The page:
An MRI scan is an imaging test that can create detailed pictures of the spine. This article focuses on MRI scans to evaluate low back pain.
DANGER SIGNS AND BACK PAIN
Both you and your doctor will often be worried that something serious may be causing your low back pain. Could your pain be caused by cancer or infection in your spine? How does your doctor know for sure?
You will likely need an MRI right away if you have warning signs of a more serious cause of back pain:
If you have low back pain but none of the warning signs mentioned about, research shows that getting an MRI does NOT lead to better treatment, better pain relief, or a quicker return to activities.
You and your doctor may want to wait before ordering an MRI. If the pain does not get better or becomes worse, your doctor will likely order one.
MRI and CT scans create detailed pictures of your spine. It can pick up most injuries that you have had in your spine. As a result they often find small problems or changes that are not the cause of your current back pain. These findings will rarely change how your doctor first treats you.
However, small problems or changes seen on MRI scan can lead to:
RISKS OF MRI SCAN
Contrast (dye) used with MRI scans can rarely cause severe allergic reactions or damage to your kidneys.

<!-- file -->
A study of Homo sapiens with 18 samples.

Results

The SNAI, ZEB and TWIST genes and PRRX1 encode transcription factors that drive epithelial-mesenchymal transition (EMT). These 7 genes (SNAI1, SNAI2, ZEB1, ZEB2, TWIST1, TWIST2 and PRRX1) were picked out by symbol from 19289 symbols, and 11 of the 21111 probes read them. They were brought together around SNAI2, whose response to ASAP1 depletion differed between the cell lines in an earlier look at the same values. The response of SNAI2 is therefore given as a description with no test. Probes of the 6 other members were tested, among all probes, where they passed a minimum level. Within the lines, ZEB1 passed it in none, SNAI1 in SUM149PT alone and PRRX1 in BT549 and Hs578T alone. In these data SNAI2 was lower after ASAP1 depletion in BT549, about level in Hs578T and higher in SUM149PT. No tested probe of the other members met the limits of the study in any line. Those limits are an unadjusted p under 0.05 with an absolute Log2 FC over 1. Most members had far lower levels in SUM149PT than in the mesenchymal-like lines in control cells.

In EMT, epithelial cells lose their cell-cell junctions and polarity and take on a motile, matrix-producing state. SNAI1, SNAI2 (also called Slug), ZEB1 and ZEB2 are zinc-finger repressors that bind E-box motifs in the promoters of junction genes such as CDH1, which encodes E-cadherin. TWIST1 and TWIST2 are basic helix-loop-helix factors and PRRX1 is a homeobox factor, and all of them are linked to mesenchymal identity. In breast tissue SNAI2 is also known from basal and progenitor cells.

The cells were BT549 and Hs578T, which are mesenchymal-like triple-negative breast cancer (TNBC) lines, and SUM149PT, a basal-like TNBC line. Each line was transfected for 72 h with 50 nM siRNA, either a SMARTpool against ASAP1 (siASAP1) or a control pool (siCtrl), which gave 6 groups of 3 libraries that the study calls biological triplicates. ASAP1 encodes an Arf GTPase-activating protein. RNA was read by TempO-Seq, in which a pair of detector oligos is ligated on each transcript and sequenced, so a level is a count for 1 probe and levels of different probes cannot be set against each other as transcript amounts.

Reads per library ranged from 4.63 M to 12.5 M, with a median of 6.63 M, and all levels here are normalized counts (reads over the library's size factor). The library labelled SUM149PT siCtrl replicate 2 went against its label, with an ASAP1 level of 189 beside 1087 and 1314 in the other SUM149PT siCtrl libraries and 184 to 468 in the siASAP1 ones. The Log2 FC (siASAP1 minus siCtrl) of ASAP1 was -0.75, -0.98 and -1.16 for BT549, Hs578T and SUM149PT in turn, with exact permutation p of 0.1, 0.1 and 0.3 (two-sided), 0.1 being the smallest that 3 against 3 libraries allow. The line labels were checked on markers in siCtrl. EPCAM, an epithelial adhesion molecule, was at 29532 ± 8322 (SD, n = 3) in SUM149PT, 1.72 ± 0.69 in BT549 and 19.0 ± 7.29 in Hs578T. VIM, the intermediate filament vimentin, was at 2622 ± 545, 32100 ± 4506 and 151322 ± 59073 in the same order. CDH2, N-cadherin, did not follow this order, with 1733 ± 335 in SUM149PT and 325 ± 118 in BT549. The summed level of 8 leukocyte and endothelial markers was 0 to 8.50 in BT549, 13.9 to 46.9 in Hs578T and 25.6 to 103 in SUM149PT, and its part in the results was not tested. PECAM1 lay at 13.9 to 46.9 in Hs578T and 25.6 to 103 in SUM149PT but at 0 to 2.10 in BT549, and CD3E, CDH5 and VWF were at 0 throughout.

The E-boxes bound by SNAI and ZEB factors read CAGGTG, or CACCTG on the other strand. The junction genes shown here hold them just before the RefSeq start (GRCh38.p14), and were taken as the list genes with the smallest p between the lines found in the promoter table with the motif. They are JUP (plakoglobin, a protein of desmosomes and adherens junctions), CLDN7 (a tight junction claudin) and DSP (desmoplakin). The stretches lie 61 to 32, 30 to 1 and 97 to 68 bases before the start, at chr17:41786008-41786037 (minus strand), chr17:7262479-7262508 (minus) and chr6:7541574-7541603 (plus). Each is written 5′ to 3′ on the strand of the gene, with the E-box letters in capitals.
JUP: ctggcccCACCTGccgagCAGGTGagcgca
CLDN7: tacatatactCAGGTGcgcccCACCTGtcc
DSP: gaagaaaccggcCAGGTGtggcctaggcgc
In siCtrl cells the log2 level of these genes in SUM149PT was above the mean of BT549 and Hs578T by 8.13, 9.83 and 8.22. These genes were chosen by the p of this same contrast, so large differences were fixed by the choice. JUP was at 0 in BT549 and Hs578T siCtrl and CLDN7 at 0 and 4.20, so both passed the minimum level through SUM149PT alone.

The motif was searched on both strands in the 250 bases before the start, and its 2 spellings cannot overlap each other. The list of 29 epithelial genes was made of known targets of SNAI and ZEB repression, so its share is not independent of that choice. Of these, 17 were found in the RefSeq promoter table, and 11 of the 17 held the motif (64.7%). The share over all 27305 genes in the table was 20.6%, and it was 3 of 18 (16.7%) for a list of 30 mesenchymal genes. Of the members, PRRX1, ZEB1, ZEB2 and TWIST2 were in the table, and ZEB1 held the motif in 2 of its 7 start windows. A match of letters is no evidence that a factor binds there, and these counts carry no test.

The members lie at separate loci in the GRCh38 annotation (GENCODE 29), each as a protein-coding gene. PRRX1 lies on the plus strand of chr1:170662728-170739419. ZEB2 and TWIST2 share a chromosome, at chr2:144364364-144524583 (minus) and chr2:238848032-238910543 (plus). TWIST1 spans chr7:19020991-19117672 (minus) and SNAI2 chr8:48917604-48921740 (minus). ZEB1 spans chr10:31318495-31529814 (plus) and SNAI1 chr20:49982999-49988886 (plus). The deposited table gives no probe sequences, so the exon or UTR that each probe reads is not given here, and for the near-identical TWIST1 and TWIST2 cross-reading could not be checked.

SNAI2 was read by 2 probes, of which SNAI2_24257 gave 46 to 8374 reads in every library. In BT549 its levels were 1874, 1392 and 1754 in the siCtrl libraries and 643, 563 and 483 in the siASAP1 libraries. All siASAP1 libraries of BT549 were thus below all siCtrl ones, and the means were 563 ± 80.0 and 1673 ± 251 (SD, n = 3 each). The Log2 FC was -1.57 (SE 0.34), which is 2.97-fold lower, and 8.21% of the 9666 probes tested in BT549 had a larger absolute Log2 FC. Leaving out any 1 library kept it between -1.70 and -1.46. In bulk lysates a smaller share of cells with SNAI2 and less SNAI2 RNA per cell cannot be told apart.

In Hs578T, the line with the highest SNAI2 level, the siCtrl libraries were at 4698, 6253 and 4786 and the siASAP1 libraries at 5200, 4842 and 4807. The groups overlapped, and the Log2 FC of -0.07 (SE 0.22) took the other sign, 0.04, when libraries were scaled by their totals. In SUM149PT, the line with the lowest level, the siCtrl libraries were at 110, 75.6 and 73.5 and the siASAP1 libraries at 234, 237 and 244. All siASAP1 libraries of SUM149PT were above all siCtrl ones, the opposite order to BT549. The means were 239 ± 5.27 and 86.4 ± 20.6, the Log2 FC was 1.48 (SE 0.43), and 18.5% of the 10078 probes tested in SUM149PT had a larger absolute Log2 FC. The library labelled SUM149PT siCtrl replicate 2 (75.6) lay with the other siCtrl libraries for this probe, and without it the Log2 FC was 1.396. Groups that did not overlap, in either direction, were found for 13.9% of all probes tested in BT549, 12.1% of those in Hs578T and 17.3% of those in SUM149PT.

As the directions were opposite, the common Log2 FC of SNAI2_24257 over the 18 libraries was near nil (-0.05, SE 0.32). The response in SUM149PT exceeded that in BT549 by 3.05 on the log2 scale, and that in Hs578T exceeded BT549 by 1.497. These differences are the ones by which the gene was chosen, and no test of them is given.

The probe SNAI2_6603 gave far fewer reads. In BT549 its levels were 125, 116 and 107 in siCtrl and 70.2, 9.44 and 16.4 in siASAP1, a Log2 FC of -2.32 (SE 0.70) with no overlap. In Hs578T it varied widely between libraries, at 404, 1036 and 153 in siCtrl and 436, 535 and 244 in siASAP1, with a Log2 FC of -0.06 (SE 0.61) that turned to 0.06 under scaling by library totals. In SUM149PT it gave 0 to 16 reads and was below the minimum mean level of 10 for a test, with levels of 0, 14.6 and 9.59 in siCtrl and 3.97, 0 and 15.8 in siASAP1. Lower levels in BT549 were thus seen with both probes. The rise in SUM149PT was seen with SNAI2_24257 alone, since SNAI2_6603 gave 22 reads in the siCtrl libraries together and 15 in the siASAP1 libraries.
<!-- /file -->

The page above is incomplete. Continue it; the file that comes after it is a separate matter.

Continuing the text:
The strong magnetic fields created during an MRI can cause heart pacemakers and other implants not to work as well. It can also cause a piece of metal inside your body to move or shift. Tell your health care providers about any metal objects that you may have on your body.
Chou R, Qaseem A, Owens DK, Shekelle P; for the Clinical Guidelines Committee of the American College of Physicians. Diagnostic Imaging for Low Back Pain: Advice for High-Value Health Care From the American College of Physicians. Ann Intern Med. 2011 Feb 1;154(3):181-189.
Review Date:7/8/2011 12:00:00 AM
Reviewed by:David Zieve, MD, MHA, Medical Director, A.D.A.M. Health Solutions, Ebix, Inc; C. Benjamin Ma, MD, Assistant Professor, Chief, Sports Medicine and Shoulder Service, UCSF Department of Orthopaedic Surgery.